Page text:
Bring plenty of water: all water fountains are covered in the park to prevent the spread of COVID-19, though bathrooms have reopened underneath the visitor center.
Photo by Mallory Culhane/The Connection
Great Falls National Park is in full swing for the summer season, and the weekends as usual have been very busy with locals, especially eager this year for something to do after being cooped up from quarantine.
“With the events of COVID-19 I think a lot of people are like-minded in trying to go to national parks as they’re a ‘safe’ place to go,” said Robert Barron, a native of Loudoun County.
Great Falls Park never actually shut down due to the pandemic; the trails and park itself remained open, though in early April the gate to the entrance of the park was closed. At that time, the only way to access the trails was to get there on foot or bike. Entrance fees were also waived for a period of time. In March, drinking water and public restrooms, as well as the visitor center, were closed.
The park went through a gradual reopening of parking lots in the last few weeks to control the number of people in the park at a time. Once the lot would reach its designated capacity, the line of cars would be stopped and one would enter when one left, which is Great Falls’ usual policy when the parking lot gets full. On June 13, Great Falls’ parking lots opened up to allow 100 percent capacity. Entrance fees have also resumed as usual.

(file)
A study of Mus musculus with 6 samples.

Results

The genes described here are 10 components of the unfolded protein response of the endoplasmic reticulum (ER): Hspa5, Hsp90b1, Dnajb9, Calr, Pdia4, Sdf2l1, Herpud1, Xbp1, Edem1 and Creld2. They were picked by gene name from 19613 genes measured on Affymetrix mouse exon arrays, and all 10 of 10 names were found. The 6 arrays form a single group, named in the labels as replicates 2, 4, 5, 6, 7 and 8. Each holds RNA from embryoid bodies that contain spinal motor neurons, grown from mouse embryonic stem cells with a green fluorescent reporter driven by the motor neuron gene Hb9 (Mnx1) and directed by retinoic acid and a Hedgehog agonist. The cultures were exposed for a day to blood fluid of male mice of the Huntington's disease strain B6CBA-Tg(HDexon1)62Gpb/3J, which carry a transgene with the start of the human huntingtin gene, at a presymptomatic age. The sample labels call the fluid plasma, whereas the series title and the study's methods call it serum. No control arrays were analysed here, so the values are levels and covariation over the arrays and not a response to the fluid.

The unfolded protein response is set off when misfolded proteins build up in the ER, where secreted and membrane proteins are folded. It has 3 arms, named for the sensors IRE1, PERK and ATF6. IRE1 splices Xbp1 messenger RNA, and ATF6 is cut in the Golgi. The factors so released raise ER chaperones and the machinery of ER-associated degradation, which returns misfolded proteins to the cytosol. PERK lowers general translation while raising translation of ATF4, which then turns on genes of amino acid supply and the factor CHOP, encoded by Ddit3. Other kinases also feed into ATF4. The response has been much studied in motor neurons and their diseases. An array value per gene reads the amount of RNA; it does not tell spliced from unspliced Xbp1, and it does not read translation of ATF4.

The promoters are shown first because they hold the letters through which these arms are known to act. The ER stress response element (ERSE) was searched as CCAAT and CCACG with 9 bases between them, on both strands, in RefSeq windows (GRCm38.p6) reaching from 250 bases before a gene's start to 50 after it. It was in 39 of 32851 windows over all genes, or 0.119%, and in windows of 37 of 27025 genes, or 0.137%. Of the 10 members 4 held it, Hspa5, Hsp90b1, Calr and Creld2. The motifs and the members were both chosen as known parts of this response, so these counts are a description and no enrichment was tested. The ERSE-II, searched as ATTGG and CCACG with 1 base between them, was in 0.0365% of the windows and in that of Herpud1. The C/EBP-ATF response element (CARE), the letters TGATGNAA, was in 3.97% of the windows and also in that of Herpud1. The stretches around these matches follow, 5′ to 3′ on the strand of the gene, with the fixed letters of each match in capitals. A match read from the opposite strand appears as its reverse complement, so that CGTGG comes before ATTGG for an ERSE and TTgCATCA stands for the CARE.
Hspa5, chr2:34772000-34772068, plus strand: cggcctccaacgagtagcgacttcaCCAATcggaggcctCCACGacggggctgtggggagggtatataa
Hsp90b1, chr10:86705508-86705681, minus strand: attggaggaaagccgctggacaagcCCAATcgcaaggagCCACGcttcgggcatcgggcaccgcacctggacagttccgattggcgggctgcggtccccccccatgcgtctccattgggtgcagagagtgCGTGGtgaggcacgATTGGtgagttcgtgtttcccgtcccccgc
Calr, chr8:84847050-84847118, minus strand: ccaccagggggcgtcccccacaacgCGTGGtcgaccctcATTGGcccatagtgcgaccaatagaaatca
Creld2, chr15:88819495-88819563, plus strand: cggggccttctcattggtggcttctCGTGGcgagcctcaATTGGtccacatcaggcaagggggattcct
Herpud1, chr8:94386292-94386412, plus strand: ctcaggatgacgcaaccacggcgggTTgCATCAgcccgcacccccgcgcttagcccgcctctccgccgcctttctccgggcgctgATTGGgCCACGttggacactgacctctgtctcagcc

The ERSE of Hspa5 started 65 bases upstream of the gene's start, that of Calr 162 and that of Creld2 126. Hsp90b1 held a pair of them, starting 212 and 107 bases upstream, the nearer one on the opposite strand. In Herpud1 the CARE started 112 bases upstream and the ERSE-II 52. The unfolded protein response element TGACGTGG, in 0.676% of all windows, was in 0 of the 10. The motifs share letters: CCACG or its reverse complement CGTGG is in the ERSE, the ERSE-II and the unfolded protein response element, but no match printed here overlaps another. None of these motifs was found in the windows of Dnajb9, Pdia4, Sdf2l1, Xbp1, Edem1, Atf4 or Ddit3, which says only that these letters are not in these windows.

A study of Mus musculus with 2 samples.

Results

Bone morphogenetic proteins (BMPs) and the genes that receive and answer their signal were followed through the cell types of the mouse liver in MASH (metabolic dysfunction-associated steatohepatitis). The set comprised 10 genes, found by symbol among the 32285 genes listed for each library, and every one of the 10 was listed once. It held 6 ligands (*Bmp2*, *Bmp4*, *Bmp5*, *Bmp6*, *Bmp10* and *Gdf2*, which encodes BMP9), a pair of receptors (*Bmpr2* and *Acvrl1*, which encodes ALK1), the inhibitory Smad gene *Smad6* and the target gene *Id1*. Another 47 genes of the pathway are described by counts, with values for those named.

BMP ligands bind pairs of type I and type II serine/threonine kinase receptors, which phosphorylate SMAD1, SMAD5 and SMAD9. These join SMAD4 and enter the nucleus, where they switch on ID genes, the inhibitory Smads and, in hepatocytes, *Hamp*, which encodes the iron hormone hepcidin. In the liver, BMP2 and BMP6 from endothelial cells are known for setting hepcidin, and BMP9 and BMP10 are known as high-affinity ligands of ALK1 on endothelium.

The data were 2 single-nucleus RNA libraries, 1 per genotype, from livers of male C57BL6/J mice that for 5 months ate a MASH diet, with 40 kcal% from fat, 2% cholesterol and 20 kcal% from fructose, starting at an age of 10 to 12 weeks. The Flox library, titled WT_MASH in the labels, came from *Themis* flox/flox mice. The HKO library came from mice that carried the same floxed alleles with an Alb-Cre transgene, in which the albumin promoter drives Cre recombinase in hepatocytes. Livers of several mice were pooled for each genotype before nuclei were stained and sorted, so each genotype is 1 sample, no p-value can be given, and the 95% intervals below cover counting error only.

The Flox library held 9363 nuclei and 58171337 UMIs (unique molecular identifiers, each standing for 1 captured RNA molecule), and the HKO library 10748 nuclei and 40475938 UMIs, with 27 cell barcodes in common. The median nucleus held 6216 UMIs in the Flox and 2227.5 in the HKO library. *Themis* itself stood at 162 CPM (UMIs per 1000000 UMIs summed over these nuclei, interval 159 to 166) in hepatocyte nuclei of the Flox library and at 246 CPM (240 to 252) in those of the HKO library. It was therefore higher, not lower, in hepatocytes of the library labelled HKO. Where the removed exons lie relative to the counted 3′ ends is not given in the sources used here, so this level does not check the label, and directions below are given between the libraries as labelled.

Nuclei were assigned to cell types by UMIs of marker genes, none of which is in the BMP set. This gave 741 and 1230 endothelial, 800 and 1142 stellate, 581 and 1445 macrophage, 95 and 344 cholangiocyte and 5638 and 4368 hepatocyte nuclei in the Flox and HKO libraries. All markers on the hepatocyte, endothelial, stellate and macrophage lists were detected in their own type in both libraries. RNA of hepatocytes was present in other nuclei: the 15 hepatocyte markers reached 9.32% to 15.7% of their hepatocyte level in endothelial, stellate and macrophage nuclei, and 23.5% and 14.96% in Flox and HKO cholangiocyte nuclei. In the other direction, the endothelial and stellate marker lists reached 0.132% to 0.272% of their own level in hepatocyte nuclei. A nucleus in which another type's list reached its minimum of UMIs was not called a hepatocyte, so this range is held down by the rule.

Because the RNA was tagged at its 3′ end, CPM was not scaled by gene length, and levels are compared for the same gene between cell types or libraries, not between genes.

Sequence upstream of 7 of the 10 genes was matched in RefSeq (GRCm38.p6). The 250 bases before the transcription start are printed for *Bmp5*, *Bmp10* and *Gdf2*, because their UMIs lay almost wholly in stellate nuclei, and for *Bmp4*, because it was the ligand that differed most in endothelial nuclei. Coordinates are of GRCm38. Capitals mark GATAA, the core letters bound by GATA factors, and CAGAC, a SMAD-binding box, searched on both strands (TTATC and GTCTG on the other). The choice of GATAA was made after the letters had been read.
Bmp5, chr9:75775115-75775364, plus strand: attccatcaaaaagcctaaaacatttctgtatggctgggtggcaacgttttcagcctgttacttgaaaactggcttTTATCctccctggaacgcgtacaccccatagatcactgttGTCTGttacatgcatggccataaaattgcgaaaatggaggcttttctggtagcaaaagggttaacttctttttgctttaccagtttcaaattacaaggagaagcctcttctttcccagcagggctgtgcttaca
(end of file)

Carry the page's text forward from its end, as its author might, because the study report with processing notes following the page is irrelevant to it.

Despite the threat of COVID-19, the park has experienced the usual summer crowds. The busiest times for the park is between 11 a.m. to 4 p.m., particularly on the weekends. Arriving early in the morning, especially on the weekdays, is an alternative to avoid the bigger crowds.
“When I visited on the weekend like two weeks ago it was the busiest I’ve ever seen it and I’ve been to the park a dozen or so times in my lifetime and never seen it so busy as that Saturday,” said Barron, who was visiting Great Falls Park in the early morning of July 1. “I found the calm of the weekdays have made it more enjoyable as of late.”
Some things are still different: water fountains are covered, unable for guest use, and the visitor center remains closed. The park is also encouraging the use of digital entrance passes that can be bought online beforehand at https://www.recreation.gov/.
The park is also encouraging physical distancing guidelines by avoiding overly crowded trails and overlooks. Masks aren’t required, though the park is also encouraging visitors to cover their mouth and nose while passing others on the trail.